Turner Prize-nominated artist Richard Billingham turns his hand to filmmaking with an overwhelmingly personal, intricately observed depiction of his troubled upbringing and neglectful parents. This remarkably assured debut feature was born out of Billingham’s single-screen video artwork Ray and his acclaimed 1996 photography book Ray’s a Laugh, which captured his poverty-stricken domestic life with uncompromising honesty. Shot beautifully on 16mm, Ray & Liz proves just as candid and heralds Billingham as a unique cinematic voice.
The narrative unfurls through several vignettes and snapshots of Billingham’s childhood. We begin on an act that frames the other two set pieces – Ray (Patrick Romer) is a bedridden, old man whiling away the reminder of his life by staring out the window of his council flat and getting drunk by 9am on home-brewed beer. We then flashback to the early 80s where a younger Ray (Justin Salinger) and chain smoking Liz (Ella Smith) occupy a decaying terrace house just outside of Birmingham with their 10-year-old Richard (Jacob Tuton) and two-year-old Jason (Callum Slater). This strand takes a particularly grim turn when Ray’s mentally disabled brother Lol (Tony Way) is tasked with babysitting Jason. Lol is soon led astray by devious sub-letting lodger Will (Sam Gittins) and finds himself on the receiving end of Liz’s violent temper.
Seven years later and the family have moved out of their terrace house into an equally dilapidated high-rise apartment. Ray and Liz have become complete layabouts wallowing in their own decay while completely neglecting the basic needs of their children. Focusing on Richard’s younger brother Jason, this segment sees the film at its most hopeful yet heartrending when 10-year-old Jason (Joshua Millard-Lloyd) is taken in by some friendly neighbours after spending a night on the streets.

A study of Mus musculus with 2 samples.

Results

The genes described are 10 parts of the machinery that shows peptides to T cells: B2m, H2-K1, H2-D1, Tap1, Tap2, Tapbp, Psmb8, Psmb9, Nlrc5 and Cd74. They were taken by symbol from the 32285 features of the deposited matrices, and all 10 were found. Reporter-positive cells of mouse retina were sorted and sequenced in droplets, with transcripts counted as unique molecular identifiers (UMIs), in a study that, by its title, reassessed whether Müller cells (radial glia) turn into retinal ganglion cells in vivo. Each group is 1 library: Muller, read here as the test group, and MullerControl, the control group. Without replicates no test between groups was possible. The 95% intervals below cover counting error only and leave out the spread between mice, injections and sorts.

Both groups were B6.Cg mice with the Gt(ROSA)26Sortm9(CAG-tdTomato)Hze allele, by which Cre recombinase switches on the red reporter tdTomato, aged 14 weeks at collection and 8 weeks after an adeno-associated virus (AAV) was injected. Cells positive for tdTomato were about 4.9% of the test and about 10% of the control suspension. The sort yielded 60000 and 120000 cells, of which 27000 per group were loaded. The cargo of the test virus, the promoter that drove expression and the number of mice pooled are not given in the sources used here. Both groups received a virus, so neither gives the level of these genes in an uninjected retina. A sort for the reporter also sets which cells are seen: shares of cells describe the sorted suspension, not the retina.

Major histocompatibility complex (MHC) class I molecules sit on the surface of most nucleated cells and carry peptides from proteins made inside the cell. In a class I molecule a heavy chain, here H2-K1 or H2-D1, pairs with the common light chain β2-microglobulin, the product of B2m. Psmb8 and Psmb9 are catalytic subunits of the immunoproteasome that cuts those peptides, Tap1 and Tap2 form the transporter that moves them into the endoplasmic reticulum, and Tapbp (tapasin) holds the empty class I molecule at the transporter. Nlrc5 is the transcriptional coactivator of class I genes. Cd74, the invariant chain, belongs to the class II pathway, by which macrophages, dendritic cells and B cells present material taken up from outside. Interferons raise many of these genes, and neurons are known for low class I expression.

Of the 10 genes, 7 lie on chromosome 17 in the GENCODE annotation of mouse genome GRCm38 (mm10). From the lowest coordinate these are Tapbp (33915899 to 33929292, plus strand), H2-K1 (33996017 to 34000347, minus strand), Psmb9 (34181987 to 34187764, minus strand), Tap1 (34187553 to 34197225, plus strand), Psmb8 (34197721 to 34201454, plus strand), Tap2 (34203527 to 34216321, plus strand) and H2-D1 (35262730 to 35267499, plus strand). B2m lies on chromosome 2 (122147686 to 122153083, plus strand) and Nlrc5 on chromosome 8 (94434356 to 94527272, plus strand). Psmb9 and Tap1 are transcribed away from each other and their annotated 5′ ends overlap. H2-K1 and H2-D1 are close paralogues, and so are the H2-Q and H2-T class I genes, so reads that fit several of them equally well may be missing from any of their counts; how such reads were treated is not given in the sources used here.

Despite its moral bleakness, Ray & Liz is beautifully filmed by cinematographer Daniel Landin, whose previous work on Under the Skin was just as impressive. Shot on gorgeously grainy 16mm film, Landin’s exquisite cinematography perfectly captures the squalor of council housing in 1980s Britain. Alongside Beck Rainford’s extraordinarily detailed production design and Joakim Sundström’s evocative sound design, Billingham brings his west-midlands upbringing to vivid life.
While Ray & Liz may be skimpy on plot, its multi-faceted set of characters lifts the film’s slower moments. Salinger and Kelly put in brilliant turns as Ray and Liz respectively. They’re clearly selfish, neglectful, often unloving individuals, but thanks to impressive character work and Billingham’s clear respect for his real-life parents, the film develops a compelling undercurrent of empathy for the pair. Elsewhere, newcomer Millard-Lloyd’s exceptionally mature, layered performance provides the film with its emotional core. The manner in which he conveys years of pain, neglect and abuse with just a few subtle facial expressions is remarkable. He also injects some much needed humour and charm to proceedings, particularly in one light-hearted moment involving Jason, Ray and a spoonful of chilli powder.
Ray & Liz can be unflinchingly grim, but it’s tinged with a tenderness and compassion that has a longer-lasting impact. Billingham has crafted a breathtakingly honest and deeply moving portrait of his dysfunctional, poverty-stricken family.